Please hang in there with me as I experiment on the format of Weekend Reading. A little quip after a link in a bulleted list just isn’t enough, so I’ll try and actually say something of value to go along with the source material that’s clearly influencing my thinking.
The John Cutler Section
There probably won’t be a week that goes by that I won’t link to at least one piece of work from John. So, get used to it. I know I have.
We start with a piece at Hackernoon, Start Together. Finish Together, and it’s a quick take down of what I like to think of as the infinite backlog. With few exceptions, you’ll always work in a place where the ideas will always outpace the ability to execute on these ideas. This leads right us smack dab into prioritization strategies (which we’ll get to in a bit) and generally making a few people happy and a lot of people grumpy since their ideas didn’t get “done”.
It’s bad to overload your backlog with this kind of work (In the Getting Things Done framework, this would be the “someday maybe” items) because while it sits in the backlog your business will change, your customers will change, and how you think about the idea/problem will change. If somebody picks up a piece of work six months later, how likely is it that it’s still relevant (hint: not very likely).
Instead, as John suggests, we need to make sure we all understand what we’re working, why we’re working on it, what will the outcomes be, and how will we measure them.
John also posted another piece with a headline that is dangerously close to click bait, We Need Fewer Product Managers. The real message that I took away, and it’s something I’ve been trying to make clear in my own organization, is that your org chart box title doesn’t map 1:1 to a role you play on a cross-functional product team. He has some good words of warning about making your product organization structure too rigid. We would all be wise to heed these words.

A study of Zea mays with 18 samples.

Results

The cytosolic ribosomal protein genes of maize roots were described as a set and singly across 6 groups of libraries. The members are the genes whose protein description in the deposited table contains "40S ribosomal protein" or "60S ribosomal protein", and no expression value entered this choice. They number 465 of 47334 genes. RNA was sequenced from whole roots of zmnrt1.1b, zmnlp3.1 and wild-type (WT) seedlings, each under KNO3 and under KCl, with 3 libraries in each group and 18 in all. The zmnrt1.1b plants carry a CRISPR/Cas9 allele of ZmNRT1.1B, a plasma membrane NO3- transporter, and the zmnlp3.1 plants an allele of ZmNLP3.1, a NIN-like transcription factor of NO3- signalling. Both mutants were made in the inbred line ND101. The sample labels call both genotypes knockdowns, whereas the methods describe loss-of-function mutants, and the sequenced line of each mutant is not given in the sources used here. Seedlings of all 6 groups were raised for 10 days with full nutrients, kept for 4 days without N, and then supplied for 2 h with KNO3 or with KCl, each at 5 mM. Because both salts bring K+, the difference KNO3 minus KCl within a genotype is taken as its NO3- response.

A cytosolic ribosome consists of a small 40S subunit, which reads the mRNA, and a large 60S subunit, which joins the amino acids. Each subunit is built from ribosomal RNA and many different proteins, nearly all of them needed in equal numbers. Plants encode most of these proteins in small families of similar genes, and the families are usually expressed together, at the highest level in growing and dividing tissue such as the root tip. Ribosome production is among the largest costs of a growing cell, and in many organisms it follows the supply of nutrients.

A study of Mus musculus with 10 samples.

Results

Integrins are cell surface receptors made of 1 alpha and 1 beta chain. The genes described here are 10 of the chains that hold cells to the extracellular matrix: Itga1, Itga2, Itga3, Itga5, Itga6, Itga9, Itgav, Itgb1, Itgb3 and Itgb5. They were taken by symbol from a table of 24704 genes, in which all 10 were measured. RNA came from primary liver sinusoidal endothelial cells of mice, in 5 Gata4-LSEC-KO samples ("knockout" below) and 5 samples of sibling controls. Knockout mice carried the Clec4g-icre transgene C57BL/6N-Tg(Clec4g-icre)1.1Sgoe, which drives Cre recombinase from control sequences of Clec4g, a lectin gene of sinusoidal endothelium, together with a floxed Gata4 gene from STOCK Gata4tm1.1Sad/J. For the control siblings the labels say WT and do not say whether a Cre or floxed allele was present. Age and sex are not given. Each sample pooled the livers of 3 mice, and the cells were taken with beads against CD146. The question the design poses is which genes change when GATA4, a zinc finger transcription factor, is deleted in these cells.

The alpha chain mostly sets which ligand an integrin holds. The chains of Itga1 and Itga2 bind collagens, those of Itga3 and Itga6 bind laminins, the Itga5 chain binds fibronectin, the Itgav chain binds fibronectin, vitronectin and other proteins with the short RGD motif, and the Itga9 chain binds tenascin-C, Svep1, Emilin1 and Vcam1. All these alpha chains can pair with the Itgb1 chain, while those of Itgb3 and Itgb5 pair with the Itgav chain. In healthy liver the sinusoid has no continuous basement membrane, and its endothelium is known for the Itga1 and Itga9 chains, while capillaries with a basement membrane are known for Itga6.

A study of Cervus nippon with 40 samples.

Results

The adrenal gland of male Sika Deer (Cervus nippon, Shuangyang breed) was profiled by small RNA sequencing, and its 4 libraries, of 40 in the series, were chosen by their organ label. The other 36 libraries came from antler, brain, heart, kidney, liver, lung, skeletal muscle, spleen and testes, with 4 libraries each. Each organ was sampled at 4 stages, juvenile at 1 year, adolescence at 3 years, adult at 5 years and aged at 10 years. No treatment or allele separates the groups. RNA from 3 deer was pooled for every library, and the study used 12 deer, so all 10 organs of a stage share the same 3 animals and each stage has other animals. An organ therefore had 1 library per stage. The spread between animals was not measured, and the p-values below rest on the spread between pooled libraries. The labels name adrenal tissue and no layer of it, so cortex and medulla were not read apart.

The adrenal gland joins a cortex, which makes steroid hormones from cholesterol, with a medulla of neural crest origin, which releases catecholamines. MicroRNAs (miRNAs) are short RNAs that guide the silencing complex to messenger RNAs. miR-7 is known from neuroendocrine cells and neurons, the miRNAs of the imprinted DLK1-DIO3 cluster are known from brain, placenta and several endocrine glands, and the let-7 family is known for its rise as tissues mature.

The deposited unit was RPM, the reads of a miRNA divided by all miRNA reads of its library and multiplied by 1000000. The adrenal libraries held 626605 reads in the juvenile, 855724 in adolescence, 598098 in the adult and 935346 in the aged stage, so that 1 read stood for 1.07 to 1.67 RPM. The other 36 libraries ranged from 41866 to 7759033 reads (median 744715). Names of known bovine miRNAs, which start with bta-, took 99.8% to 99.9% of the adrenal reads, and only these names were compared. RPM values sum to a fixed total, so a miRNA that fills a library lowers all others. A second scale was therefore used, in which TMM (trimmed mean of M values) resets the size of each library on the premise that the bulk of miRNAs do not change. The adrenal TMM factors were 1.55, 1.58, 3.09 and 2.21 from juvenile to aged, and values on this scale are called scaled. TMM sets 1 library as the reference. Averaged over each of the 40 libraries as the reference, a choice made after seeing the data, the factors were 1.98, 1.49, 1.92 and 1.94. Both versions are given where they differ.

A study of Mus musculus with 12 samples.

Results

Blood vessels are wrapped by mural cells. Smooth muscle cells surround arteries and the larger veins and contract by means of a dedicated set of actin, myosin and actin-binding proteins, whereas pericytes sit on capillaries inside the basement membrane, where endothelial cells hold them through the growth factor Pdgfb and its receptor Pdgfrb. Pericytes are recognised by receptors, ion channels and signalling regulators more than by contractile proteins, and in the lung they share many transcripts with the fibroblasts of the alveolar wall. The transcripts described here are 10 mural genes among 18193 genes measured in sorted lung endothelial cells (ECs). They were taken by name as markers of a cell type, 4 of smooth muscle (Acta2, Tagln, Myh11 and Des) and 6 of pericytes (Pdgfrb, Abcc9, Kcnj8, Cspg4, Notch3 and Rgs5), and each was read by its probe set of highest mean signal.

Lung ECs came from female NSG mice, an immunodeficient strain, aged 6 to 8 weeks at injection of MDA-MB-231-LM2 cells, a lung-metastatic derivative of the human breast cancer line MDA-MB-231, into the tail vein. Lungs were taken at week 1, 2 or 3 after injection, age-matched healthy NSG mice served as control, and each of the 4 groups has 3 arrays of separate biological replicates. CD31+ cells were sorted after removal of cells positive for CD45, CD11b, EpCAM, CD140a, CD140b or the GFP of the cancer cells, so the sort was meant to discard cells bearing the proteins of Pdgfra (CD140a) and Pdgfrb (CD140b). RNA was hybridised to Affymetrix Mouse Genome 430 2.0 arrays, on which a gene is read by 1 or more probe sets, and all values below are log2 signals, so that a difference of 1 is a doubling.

Finally, over at Git Prime we have We Are What We Celebrate. There are five great points about what and how we celebrate, but I want to make sure I put emphasis on celebrating leaning. Agile is all about continuous improvement and acting on your learnings is how you do that. So let’s celebrate it.
Oh, one last thing, he did episode 1 of the new Product Warrior podcast.
Sense & Respond: The Farm Awakens
I was fortunate enough to attend a workshop that Jeff and Josh helped lead and I can’t recommend them highly enough. You get this one for free as they did a keynote talk at mind the Product conference.
- You are in the software business
- Software unlocks new business models
- Software enforces policy
- Culture trumps (little ’t’) policy
- Feedback loops reveal culture
- Frame success in user-centric terms
The Other Links
- Meetings That Don’t Suck - Break free from the tyranny of the conference room A pretty simple list of things you should consider when creating meetings.
- Stop Using Story Points *Like so many other parts of Agile, story points seem to eventually get used to over-optimize for velocity. Software development is an uncertain medium, stop pretending it isn’t.*
- User Stories: Bin, Thin, or Split? Some handy tips for dealing with user stories.
- Why you should stop using product roadmaps and try GIST Planning “It’s tempting to pick a promising idea, turn it into a 9–18 month project and start executing.” No, no it’s not.
- Why Impact/Effort Prioritization Doesn’t Work “First you should come to grips with the fact that 60–90% of the projects in your product backlog are not worth doing — they’re just not going to yield any meaningful results and/or are going cost more than you want to pay. “ A very interesting modification to the Impact/Effort prioritization scheme.
- Humans suck at planning It’s in Wikipedia so it must be true.